Mingling with guests at the Rape Foundation’s annual brunch on Sunday, a genial Milo Ventimiglia held out his hand to introduce himself — never mind that those who approached already appeared to recognize the “This Is Us” star.
To those requesting selfies, he cheerfully complied, holding out their camera phones and posing with them, although noting that he finds the word “selfie” narcissistic and prefers the term “photograph.”
More than honorees, the cast members of the NBC hit series, including Ventimiglia, Mandy Moore, Sterling K. Brown, Chrissy Metz, Justin Hartley and Susan Kelechi Watson, served as hosts of this year’s annual benefit for the Rape Treatment Center and for Stuart House at UCLA Medical Center, Santa Monica.
Amid towering cypress trees and the blooming rose bushes at entrepreneur Ron Burkle’s Greenacres estate in Beverly Hills, guests enjoyed cocktails and hors d’oeuvres before adjourning to a tent for the program. Taking note of the toasty weather, event emcee David Schwimmer joked, “Sorry about the temperature here. It should warm up in just a minute.”
One by one, the honorees took turns at the podium, starting with Moore, who called her visit to the center last week “incredibly insightful and incredibly powerful,” citing the thought behind every aspect of treatment, “privacy, safety, medical care, forensics, therapy, all of the things that are so vital and so important to someone who has been raped.”
All praised the treatment center for its quality of medical care, attention to privacy, skilled therapists, coordination between police and other professionals, educational outreach programs and more.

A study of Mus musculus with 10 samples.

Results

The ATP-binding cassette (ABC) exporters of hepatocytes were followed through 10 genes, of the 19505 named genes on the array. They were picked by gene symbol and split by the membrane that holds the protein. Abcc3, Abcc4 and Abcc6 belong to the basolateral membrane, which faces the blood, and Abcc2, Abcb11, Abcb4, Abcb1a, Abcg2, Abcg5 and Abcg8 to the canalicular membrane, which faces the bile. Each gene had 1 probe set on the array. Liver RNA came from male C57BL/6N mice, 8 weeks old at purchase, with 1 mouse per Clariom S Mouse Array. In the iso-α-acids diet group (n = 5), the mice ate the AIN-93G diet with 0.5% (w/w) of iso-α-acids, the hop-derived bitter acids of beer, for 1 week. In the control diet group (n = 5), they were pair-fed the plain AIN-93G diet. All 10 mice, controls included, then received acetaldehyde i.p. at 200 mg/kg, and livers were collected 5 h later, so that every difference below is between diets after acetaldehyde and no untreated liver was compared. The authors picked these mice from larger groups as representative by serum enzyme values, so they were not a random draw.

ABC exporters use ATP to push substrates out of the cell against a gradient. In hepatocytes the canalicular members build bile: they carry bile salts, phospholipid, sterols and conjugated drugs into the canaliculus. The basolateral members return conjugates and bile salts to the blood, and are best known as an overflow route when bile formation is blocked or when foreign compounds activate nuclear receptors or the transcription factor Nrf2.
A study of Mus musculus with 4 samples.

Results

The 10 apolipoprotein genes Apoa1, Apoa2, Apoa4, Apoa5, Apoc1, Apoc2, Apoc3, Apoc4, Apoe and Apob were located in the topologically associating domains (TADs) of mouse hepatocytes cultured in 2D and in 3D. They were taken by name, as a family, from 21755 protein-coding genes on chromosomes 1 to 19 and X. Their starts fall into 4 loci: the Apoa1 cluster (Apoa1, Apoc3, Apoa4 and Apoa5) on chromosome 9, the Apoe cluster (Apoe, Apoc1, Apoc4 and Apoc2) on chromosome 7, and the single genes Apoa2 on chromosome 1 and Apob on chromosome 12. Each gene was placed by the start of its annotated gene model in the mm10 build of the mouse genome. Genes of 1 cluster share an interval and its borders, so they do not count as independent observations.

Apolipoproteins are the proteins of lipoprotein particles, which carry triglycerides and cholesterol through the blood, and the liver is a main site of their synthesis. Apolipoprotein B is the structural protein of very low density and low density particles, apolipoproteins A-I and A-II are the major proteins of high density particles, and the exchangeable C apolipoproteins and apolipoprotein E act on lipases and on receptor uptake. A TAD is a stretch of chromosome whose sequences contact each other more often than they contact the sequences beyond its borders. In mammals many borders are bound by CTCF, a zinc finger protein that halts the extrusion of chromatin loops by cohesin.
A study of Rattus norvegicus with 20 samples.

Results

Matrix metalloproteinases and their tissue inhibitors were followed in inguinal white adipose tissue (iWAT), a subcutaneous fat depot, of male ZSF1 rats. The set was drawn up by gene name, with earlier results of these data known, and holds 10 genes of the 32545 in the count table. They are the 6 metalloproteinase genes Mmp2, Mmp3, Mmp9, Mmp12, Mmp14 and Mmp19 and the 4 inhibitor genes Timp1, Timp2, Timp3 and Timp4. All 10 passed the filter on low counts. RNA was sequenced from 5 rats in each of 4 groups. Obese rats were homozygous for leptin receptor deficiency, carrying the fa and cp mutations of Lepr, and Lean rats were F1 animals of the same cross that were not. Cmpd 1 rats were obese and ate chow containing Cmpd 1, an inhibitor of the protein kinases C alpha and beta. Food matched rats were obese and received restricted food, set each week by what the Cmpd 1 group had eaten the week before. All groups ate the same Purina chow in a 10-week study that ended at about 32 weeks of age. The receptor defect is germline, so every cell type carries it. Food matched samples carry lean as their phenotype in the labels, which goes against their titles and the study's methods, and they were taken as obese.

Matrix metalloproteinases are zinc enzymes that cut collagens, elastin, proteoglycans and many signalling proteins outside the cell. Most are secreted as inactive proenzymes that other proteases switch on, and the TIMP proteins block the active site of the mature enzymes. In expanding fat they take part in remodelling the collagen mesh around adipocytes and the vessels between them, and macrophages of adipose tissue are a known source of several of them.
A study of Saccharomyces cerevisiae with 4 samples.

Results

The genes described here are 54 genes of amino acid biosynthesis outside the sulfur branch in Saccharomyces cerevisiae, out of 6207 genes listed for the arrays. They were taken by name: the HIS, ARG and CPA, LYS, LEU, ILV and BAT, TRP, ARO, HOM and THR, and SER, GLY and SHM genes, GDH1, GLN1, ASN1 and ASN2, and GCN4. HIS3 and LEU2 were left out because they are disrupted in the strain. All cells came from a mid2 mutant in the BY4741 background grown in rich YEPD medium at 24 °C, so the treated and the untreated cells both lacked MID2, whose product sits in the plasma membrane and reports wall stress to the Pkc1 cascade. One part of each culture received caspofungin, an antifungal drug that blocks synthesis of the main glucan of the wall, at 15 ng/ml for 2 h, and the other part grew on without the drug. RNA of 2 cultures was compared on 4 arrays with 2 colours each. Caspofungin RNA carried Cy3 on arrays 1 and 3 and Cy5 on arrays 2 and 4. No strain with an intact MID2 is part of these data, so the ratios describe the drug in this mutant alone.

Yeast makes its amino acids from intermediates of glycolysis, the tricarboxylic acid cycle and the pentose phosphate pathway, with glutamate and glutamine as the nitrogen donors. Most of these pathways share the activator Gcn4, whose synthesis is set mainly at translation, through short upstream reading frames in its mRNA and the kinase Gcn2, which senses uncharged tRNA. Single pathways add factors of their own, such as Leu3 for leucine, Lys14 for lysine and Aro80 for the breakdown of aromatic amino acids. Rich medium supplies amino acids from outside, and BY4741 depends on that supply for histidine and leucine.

“Do I have a time limit?” asked Brown, referencing his speech being cut off as he accepted his award during the recent Primetime Emmy Awards, before launching into his tribute.
Among others at the sold-out affair were actors Elizabeth Olsen, T.R. Knight, Eva LaRue and Joanna Kerns, TV producer Byron Allen, songwriter Diane Warren, attorney Gloria Allred, L.A. County Sheriff Jim McDonnell and UCLA Chancellor Gene Block. Treatment center founder Gail Abarbanel attended, and two assault victims spoke of their experiences as people in the audience held back tears.
Abarbanel told the “This Is Us” honorees: “Your show is teaching America about empathy, and empathy is the foundation for moral character and social responsibility, kindness and good relationships. … It’s a message to every kid and adult in our country.”
About 900 guests paid $350 each for tickets. Before the brunch ended, Eric McCormack ascended the stage to request contributions and immediately had three guests volunteer $100,000. Counting all additional donations, organizers estimated total proceeds at $900,000.